Jackson Wand

Waterways, fish health focus of Langley’s Rivers Day celebration

The long, hot, dry summer luckily didn’t have a negative impact on the local fish habitat.

With water and nature on everyone’s minds at the Langley Township-hosted BC Rivers Day festival Sunday, members of two of Langley’s most environmentally active groups reflected on the historic summer drought.

Langley and the rest of B.C. experienced one of the hottest, and driest, summers on record but luckily it didn’t have all that huge of an impact on the local fish habitat.

Langley Environmental Partners Society (LEPS) executive director Nichole Marples said Langley has the benefit of having groundwater aquifers that offers base flows to local streams.

“So although we didn’t get a lot of rainfall, and the water levels were lower than normal, those base flows from the aquifers do provide that cold water, so we didn’t have quite so many, ‘fish are being stranded, you have to come and get them calls,’ as we actually expected that we would,” Marples explained.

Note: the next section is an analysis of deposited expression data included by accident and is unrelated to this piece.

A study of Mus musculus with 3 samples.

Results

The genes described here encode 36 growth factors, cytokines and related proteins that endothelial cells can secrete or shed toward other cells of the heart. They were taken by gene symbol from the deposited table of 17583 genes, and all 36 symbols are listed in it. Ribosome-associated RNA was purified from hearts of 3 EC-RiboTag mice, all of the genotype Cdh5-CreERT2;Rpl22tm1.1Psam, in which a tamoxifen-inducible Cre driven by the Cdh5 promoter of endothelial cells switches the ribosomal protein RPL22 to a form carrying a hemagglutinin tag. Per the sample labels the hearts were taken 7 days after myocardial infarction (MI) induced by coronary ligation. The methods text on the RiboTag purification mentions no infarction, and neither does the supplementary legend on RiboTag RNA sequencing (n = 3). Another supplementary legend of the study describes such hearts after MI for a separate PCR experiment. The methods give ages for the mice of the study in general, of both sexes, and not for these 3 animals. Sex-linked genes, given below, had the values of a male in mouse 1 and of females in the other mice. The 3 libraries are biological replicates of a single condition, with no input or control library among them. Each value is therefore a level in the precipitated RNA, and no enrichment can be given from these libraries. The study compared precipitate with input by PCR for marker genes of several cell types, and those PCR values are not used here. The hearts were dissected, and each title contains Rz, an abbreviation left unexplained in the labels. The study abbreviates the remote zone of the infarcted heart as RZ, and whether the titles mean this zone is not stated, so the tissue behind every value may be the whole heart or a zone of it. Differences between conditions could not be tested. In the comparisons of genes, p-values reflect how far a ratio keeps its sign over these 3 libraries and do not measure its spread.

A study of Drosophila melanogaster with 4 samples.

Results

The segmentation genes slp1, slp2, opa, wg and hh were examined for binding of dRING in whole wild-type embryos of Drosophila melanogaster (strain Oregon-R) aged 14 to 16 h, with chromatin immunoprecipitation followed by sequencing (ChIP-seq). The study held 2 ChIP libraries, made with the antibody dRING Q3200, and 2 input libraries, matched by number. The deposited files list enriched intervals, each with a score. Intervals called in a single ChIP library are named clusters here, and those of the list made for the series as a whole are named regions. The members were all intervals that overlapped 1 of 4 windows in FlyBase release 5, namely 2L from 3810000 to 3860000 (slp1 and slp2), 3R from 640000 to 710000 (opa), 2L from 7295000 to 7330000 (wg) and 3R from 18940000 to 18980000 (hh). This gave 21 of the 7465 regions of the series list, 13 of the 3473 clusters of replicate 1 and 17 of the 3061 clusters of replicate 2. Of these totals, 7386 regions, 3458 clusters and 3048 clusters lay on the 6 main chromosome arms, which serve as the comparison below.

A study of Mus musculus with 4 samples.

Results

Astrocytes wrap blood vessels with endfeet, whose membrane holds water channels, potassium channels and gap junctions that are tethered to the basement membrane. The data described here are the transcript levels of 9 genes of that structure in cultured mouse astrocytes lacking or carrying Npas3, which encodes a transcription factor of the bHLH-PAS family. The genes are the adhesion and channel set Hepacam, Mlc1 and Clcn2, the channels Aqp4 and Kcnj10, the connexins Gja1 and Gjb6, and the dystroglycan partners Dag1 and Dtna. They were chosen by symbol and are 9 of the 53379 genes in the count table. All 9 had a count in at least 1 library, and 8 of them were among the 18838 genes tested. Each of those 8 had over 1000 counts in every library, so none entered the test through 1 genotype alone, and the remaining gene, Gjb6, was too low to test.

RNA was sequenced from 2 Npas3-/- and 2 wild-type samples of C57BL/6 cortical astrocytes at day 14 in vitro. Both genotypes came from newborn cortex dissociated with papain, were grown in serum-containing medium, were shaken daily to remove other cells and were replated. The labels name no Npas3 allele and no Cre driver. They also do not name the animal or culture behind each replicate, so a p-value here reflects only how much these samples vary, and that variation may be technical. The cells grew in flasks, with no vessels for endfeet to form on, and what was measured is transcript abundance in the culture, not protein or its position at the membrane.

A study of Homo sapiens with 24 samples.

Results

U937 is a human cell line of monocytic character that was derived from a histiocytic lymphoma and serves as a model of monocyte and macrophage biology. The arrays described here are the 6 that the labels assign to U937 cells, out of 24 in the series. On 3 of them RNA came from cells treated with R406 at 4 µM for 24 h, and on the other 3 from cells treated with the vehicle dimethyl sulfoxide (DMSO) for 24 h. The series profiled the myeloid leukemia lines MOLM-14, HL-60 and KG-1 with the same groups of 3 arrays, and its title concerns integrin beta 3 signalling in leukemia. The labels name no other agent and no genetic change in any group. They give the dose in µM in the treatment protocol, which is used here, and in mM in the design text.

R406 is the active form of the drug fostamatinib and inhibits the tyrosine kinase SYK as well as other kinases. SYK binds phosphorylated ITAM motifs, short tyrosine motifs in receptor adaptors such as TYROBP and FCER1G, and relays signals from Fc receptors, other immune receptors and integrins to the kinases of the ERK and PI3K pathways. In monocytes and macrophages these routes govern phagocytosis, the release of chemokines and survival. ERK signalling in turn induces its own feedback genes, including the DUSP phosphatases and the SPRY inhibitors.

“It was fairly on par with what we’ve had in the past.”

But if summer droughts become the norm, it will threaten the health of fish stocks, said Marples.

Nina Watt from the Raptor Ranch brought a Harris hawk with her to the BC Rivers Day celebration at Langley’s Derek Doubleday Aboretum on Sunday, Sept. 27. “If this continues over the long term, absolutely it becomes a concern,” she added. “If we’re getting those really high water temperatures with really low base flows, it messes with oxygen levels, as well, so then it makes it harder to sustain those tiny little fish that are in the streams.”

Nicomekl Enhancement Society treasurer Bob Knudsen echoed Marple’s thoughts.

“We have enough shade up there, that all the fry survived,” Knudsen said.

The society raises about 250,000 salmon fry each year.

“We catch the adults, take the eggs, fertilize them, we hatch them, we feed them for a while, and then we release them,” Knudsen explained.

Sunday’s free celebration included animal displays, facepainting, children’s crafts including dream fish painting, live entertainment, 25 interactive and activity booths, and a free hot dog and veggie dog barbecue put on by the Nicomekl Enhancement Society. It marked the first time it was held at the Derek Doubleday Aboretum after moving from its traditional location at Williams Park.